Fluid Dynamics

What is Fluid Dynamics?

Fluid dynamics is a subdiscipline of fluid mechanics that deals with fluid flow in motion. There are many branches in fluid dynamics, aerodynamics and hydrodynamics few among the popularly known fluid mechanics.
It involves in a wide range of applications such as calculating force & moments, determining the mass flow rate of petroleum through pipelines, predicting weather patterns, understanding nebulae in interstellar space and modeling fission weapon detonation.

Fluid Dynamics

What is computational fluid dynamics?

Computational fluid dynamics is a branch of fluid mechanics that uses numerical analysis and algorithms to solve and analyze problems that involve fluid flows. High-speed supercomputers are used to perform the calculation that is required to simulate the interaction of liquids and gases.

Applications of fluid dynamics

Fluid Dynamics can be applied in the following ways:

  • Fluid dynamics is used to calculate the forces acting upon the aeroplane.
  • It is used to find the flow rates of material such as petroleum from pipelines.
  • It can also be used in traffic engineering (traffic treated as continuous liquid flow).

Equations in Fluid DynamicsBernoulli’s Equation

\(\large \frac{P}{\rho }+g\;z+\frac{v^{2}}{2}=k\)


\(\large \frac{P}{\rho g}+z+\frac{v^{2}}{2g}=k\)


\(\large \frac{P}{\rho g}+\frac{v^{2}}{2g}+z=k\)


\(\frac{P}{\rho g}\) is the pressure head or pressure energy per unit weight fluid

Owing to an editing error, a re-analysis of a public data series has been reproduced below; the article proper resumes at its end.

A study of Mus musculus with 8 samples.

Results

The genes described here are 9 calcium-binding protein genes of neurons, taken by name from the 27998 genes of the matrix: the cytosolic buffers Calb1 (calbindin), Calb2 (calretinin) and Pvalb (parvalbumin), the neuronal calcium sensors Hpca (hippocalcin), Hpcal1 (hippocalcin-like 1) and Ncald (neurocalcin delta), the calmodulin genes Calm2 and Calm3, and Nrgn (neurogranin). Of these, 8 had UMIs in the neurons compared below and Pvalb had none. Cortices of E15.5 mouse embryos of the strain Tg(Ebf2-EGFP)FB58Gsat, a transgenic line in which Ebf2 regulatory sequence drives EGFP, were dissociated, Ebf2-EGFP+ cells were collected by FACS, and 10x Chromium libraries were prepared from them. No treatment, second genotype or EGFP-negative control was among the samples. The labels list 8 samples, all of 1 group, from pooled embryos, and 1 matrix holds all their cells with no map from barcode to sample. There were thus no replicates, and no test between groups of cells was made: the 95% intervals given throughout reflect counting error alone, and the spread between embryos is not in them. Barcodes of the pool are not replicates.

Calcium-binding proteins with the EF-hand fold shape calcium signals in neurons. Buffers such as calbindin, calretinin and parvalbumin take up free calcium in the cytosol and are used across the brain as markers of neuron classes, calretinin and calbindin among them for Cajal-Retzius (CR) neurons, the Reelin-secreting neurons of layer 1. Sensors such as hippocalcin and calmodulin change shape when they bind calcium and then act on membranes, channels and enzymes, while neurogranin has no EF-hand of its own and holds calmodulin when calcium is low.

\(\frac{v^{2}}{2g}\) is the kinetic head or kinetic energy per unit weight

z is the potential head or potential energy per unit weight

P is the Pressure

ρ is the Density

K is the Constant

The Bernoulli equation is different for isothermal  as well as adiabatic processes.

\(\large \frac{dP}{\rho } + V \; dV + g \; dZ = 0\)


\(\large \int \left ( \frac{dP}{\rho }+ V\; dV + g\; dZ \right )=K\)


\(\large \int \frac{dP}{\rho}+\frac{V^{2}}{2}+g\;Z=K\)


Z is the elevation point

ρ is the density of fluid

The equation can also be written as,

\(\large q + P = P_{o}\)


q is the dynamic pressure

PO is the total pressure

P is the static pressure

Continue learning about isothermal processes with engaging video lectures and diagrams at BYJU’S.

Practise This Question

It was a bright and breezy day in New York, the air was a cool 20 degrees Celsius, when Tony Stark, a.k.a the Iron Man's day took a dramatic turn as he got news of Mandarin's attack in the windy city of Chicago, and decided to immediately fly over there, in his iron body-armor, whose cavity had enough space to fit a man of 4,984 cm3 in volume, but not more.

Being a smart man, he did a quick check of two important things - his own body volume, which he found was currently 4.980 cm3, and the temperature in Chicago, which was a cold 8 degrees Celsius that day. Knowing that the coefficient of volume expansion for iron, γ, is 33.3 × 106/C, he decided to go. Check if that was a smart decision, by finding out whether the new volume of the iron suit when he reaches Chicago will crush him or not.